The brains of people who grow up speaking two languages are wired differently, and those differences protect them from dementia as they age.
That's the news from two studies out this month from a scientist in Canada who has spent decades trying to figure out whether being bilingual is bad or good. "I've been doing this for 25 years," Ellen Bialystok, a distinguished research professor of psychology at York University in Toronto, tells Shots. "Suddenly people are interested. I figure it's because everybody's scared about dementia."
Since about 20 percent of Americans are bilingual and as many as 60 percent of people in big cities like Los Angeles grew up speaking two languages, this is no small issue.
Not so long ago, it was thought that being bilingual was a disadvantage, because bilingual children have smaller vocabularies in both languages and are slower in word recall. But more recent research finds that bilingual children are better at "executive processing," which includes being able to pay attention, plan and organize thoughts.
That's the focus of one of the studies, which concludes that kids who grow up speaking two languages are better at switching between tasks than kids who spoke only one language. Researchers gave 104 children a common executive function test on a computer that asked them to sort images of either colors or animals on a computer screen. This "switching" task tests working memory and the ability to change from one rule to another.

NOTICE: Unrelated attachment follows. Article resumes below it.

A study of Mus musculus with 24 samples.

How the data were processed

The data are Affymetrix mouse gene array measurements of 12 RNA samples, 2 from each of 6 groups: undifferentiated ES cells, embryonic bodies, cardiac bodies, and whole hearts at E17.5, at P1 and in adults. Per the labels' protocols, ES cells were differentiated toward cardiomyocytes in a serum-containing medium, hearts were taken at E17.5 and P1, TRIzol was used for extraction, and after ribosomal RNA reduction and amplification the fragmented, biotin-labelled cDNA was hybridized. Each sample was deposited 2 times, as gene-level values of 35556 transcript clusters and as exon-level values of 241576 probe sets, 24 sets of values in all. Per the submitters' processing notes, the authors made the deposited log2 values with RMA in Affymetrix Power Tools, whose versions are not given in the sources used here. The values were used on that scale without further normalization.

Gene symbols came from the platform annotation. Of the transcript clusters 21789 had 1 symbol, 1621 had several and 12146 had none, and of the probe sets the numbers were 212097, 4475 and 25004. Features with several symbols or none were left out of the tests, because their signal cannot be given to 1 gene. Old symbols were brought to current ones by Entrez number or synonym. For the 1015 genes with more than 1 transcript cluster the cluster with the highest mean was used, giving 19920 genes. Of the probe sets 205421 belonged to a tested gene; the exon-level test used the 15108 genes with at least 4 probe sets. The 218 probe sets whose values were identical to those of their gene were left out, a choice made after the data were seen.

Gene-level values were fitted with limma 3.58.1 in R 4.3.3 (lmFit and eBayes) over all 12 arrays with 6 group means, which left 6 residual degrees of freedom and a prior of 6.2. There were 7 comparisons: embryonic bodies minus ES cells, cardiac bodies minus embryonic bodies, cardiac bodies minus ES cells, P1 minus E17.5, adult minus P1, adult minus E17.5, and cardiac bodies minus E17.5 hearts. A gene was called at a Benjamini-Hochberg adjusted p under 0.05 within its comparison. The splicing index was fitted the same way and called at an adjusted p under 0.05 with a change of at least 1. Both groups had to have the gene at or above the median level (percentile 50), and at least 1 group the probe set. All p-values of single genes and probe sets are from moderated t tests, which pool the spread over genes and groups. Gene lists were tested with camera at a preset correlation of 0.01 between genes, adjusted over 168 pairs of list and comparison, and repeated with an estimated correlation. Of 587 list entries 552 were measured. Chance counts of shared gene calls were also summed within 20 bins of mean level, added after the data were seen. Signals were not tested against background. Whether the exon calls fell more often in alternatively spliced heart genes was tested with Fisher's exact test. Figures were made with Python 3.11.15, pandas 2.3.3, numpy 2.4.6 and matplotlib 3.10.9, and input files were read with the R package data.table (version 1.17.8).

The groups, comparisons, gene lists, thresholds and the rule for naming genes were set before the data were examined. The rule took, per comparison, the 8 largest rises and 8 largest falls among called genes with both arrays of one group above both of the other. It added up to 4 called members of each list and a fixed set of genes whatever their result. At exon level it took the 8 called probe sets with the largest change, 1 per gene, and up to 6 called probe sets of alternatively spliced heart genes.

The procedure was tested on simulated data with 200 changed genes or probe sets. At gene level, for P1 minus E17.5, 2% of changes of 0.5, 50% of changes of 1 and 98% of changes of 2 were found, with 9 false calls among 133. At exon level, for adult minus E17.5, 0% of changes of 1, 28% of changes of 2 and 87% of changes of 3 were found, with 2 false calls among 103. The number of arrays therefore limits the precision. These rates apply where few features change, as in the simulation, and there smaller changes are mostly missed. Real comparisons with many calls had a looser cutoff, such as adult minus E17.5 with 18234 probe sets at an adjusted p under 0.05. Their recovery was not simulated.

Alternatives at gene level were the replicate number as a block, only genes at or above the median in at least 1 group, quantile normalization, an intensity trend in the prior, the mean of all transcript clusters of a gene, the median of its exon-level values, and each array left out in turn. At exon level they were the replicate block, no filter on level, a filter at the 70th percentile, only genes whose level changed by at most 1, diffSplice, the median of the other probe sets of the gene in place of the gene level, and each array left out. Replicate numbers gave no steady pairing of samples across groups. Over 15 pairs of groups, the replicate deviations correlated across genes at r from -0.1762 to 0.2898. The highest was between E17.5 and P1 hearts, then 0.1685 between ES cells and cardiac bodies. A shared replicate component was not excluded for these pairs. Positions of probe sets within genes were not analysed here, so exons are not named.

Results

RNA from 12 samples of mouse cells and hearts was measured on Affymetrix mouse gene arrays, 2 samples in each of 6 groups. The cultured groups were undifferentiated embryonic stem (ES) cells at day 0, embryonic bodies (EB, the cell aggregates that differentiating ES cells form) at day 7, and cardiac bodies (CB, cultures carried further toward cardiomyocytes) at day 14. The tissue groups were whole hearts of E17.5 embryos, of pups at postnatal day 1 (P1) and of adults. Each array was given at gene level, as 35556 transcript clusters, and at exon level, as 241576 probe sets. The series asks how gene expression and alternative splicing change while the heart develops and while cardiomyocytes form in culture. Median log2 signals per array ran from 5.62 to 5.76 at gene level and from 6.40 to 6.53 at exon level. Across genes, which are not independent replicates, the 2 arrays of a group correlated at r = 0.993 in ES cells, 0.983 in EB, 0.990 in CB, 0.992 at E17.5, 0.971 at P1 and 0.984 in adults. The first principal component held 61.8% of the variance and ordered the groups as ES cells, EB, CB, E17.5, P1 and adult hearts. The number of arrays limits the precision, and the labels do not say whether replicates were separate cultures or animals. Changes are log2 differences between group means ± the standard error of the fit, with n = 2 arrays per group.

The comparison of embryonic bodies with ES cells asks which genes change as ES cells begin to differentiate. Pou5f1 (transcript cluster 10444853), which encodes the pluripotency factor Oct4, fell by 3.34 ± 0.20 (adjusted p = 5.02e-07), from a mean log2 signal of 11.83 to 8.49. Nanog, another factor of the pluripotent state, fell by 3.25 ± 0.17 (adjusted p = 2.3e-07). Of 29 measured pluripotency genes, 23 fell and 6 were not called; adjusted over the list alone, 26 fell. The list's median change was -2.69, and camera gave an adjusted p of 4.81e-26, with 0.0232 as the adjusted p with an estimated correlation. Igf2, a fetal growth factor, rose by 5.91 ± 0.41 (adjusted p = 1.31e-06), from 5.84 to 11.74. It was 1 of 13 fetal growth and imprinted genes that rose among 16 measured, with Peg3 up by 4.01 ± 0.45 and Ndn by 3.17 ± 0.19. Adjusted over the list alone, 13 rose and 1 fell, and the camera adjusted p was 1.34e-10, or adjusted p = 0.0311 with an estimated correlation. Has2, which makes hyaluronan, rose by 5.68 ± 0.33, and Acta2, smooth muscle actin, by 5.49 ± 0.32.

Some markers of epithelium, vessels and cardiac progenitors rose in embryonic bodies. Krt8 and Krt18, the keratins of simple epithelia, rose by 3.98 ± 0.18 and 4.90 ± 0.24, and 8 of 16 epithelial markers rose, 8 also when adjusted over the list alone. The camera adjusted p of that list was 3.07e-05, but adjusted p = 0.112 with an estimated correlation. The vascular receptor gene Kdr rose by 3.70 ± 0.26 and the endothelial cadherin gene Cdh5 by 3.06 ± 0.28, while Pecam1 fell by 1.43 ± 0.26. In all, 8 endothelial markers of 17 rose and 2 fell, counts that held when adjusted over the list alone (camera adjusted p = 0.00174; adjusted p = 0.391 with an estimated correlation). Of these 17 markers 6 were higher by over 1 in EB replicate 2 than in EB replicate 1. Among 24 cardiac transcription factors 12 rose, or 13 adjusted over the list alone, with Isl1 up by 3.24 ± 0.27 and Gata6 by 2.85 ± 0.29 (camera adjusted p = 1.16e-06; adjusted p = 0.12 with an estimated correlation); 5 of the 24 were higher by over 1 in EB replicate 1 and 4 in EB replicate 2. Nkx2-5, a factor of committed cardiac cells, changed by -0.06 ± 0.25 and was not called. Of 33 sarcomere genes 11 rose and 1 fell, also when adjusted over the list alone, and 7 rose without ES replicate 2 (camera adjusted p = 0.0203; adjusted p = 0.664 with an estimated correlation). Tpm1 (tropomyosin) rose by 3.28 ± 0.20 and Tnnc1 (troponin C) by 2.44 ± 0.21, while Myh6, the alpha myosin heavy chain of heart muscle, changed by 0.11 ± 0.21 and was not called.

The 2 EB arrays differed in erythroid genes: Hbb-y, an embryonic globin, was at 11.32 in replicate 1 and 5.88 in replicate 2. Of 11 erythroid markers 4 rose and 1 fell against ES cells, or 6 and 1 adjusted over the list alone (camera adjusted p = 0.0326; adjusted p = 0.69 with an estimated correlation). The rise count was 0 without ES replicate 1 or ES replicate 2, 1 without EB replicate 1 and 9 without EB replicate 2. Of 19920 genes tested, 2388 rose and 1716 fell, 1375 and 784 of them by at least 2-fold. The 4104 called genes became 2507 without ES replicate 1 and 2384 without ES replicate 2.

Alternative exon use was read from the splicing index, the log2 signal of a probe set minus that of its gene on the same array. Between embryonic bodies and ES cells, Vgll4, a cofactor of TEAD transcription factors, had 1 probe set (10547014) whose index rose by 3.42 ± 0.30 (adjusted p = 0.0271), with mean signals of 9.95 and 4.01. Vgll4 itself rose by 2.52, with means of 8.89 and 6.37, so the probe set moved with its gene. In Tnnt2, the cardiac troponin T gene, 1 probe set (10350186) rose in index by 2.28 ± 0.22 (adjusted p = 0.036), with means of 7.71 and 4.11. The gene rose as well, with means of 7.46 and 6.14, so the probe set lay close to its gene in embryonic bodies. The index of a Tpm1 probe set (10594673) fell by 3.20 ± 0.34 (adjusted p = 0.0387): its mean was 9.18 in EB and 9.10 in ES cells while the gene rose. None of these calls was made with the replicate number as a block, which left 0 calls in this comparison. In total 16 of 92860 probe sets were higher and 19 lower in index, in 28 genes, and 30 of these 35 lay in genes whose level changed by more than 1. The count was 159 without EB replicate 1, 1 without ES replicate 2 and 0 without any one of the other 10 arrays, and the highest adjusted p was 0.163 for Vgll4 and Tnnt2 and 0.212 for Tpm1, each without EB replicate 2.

The children who were bilingual in French, Chinese or Spanish were better at switching categories – in essence, multitasking. That may well be because they learn early on to toggle between the two sets of rules for English and their other language. Bialystok is one of the authors of this study published in the journal Child Development.
So does it do you any good when you're grown up? That's been a big question in research on the bilingual brain. The second recent study adds to growing evidence that being bilingual as a child helps a lot later in life.
It reviews the state of research on bilingual adults, and finds they maintain better executive functioning later in life than monolingual people. That extra "cognitive reserve" may allow the brain to better cope with the damage caused by dementia, thereby delaying symptoms. (Being physically and mentally active has also been shown to have cognitive benefits.) The article, also co-authored by Bialystock, is in the current issue of Trends in Cognitive Sciences.
But what about those of us who aren't bilingual? Are we doomed?
"The kind of story we're telling about bilingualism and dementia is not that bilingualism is the only inoculation against dementia, but rather, bilingualism is one of the many things we know that contributes to cognitive reserve," Bialystok says. "It's why you're supposed to do crossword puzzles and exercise and learn a musical instrument. If you're not bilingual but you're active and engaged, you're getting cognitive reserve."
Still, bilinguals do have a natural advantage, she notes, because they can stay active and engaged without making a huge effort.
"Nobody spends all day every day doing crossword puzzles, but everybody spends all day every day talking," Bialystok says. "It's a way to get massive doses of this stimulating activity without doing anything special."